Kumu Kahua Theatre's 2006 production of “;The Songmaker's Chair”; gave island theater audiences a thought-provoking look at modern New Zealand as seen from a Samoan perspective. Almost exactly three years later, Tim Bostock's production of “;He Reo Aroha”; (”;Words of Love”;) offers Hawaii a glimpse of life within the Maori host culture.

               

     

 

'HE REO AROHA'

        » Where: The ARTS @ Marks Garage, 1159 Nuuanu Ave.
       

» When: 10 p.m. Friday, 2 and 8 p.m. Saturday and 4 p.m. Sunday

       

» Cost: $25 general; $20 for students, seniors and military (pre-sale discounts available)

       

» Info: 528-0506 or hsblinks.com/9l

       

 

       

While Samoan playwright Albert Wendt's “;Chair”; was the story of three generations, Jamie McCaskill and Miria George focus on the experiences of two people over a much shorter period of time. Both productions require fluency in a second language—Samoan for “;Chair,”; Maori for “;Aroha”;—to fully appreciate the nuances of the playwrights' work.

George and McCaskill start their story in the middle. Kaia (Kali Kopae) is performing in Europe, and after a couple of songs confesses to the audience that “;I feel like I missed out on the one thing that was good about my life.”;

From this point on, the action ricochets through a sometimes confusing series of character changes as Kopae and her co-star, playwright/actor McCaskill, act out the story of Kaia and her ex-boyfriend, Pascoe. They also play the characters of Kaia's cousin, Pascoe's best friend and a fifth character who seems at first to be Kaia's manager, but who might actually be a supernatural spiritual adviser.

There are probably cultural issues in play through all this that would be obvious to a Maori audience, but what came through the bilingual songs and dialogue for this American is that Kaia left New Zealand for Europe without telling Pascoe that she was leaving, and then didn't call or write him in the 2 1/2 years she was away. That would be insensitive in almost any culture.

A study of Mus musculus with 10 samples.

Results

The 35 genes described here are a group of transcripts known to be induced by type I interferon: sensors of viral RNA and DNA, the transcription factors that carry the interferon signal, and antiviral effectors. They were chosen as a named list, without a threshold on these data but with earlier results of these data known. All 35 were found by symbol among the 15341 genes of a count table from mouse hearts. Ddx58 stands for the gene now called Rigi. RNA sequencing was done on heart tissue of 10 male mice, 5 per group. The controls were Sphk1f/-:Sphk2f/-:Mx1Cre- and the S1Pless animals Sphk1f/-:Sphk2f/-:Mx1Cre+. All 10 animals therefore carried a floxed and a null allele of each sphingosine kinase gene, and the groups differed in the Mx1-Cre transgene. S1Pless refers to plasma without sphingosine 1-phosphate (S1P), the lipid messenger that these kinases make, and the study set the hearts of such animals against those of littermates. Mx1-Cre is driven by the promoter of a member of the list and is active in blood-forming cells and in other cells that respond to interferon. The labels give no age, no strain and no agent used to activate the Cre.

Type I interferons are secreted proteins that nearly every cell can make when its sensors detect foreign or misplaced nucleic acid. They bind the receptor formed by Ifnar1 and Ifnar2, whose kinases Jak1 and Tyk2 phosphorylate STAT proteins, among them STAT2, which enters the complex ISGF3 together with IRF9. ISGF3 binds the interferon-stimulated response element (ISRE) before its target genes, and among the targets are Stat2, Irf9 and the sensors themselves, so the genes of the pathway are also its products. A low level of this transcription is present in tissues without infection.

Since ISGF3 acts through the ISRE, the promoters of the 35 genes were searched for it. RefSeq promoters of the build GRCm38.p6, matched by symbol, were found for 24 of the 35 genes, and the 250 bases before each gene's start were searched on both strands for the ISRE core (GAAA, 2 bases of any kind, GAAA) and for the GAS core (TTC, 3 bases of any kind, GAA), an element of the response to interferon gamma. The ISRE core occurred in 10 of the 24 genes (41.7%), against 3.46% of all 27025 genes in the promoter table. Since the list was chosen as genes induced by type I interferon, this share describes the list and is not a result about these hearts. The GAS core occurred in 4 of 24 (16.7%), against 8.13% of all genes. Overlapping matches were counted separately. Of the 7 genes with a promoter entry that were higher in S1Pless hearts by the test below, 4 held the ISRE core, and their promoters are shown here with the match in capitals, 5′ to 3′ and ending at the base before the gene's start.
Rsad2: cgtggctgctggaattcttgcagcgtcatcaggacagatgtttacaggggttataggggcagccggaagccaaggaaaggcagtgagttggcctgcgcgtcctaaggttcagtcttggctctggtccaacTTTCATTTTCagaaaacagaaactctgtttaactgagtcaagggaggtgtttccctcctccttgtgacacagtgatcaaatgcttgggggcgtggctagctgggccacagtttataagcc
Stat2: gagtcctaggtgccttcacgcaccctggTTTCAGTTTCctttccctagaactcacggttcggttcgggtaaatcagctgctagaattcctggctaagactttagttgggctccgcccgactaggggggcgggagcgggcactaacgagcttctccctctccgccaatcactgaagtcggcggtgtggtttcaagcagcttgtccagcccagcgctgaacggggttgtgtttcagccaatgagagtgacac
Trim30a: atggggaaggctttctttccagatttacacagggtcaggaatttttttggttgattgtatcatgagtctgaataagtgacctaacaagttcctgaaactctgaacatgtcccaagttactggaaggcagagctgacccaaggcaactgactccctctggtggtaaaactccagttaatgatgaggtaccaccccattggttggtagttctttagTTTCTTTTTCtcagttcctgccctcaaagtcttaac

By the time Kaia returns home—giving up her career as an entertainer to work for her cousin cleaning fish in a packing plant—Pascoe has apparently moved on emotionally and fallen in love with someone else. Life is rarely that simple in works of fiction, and isn't that simple for Kaia and Pascoe here.

The musical numbers—and there are lots of them—would be perfect for a souvenir album that could be sold complete with English translations of the Maori songs. As it is, they slow the action for people who don't speak Maori.

McCaskill portrays Pascoe as a decent and honest man, hurt by Kaia's departure but apparently happy with the economic uncertainties and occasional risks of being a fisherman. McCaskill is also engaging in the role of Kaia's cousin—whatever gender the cousin is intended to be.

Kopae makes a convincing switch of character and gender in the scenes where she plays Pascoe's fishing partner. Watching Kopea's hands move in a scene in the packing plant, it is easy to “;see”; the fish Kaia is cleaning.

What isn't clear—for an American who doesn't speak fluent Maori—is what else might be going between Kaia and Pascoe as we gradually learn about the circumstances of their estrangement and watch their efforts at reconciliation.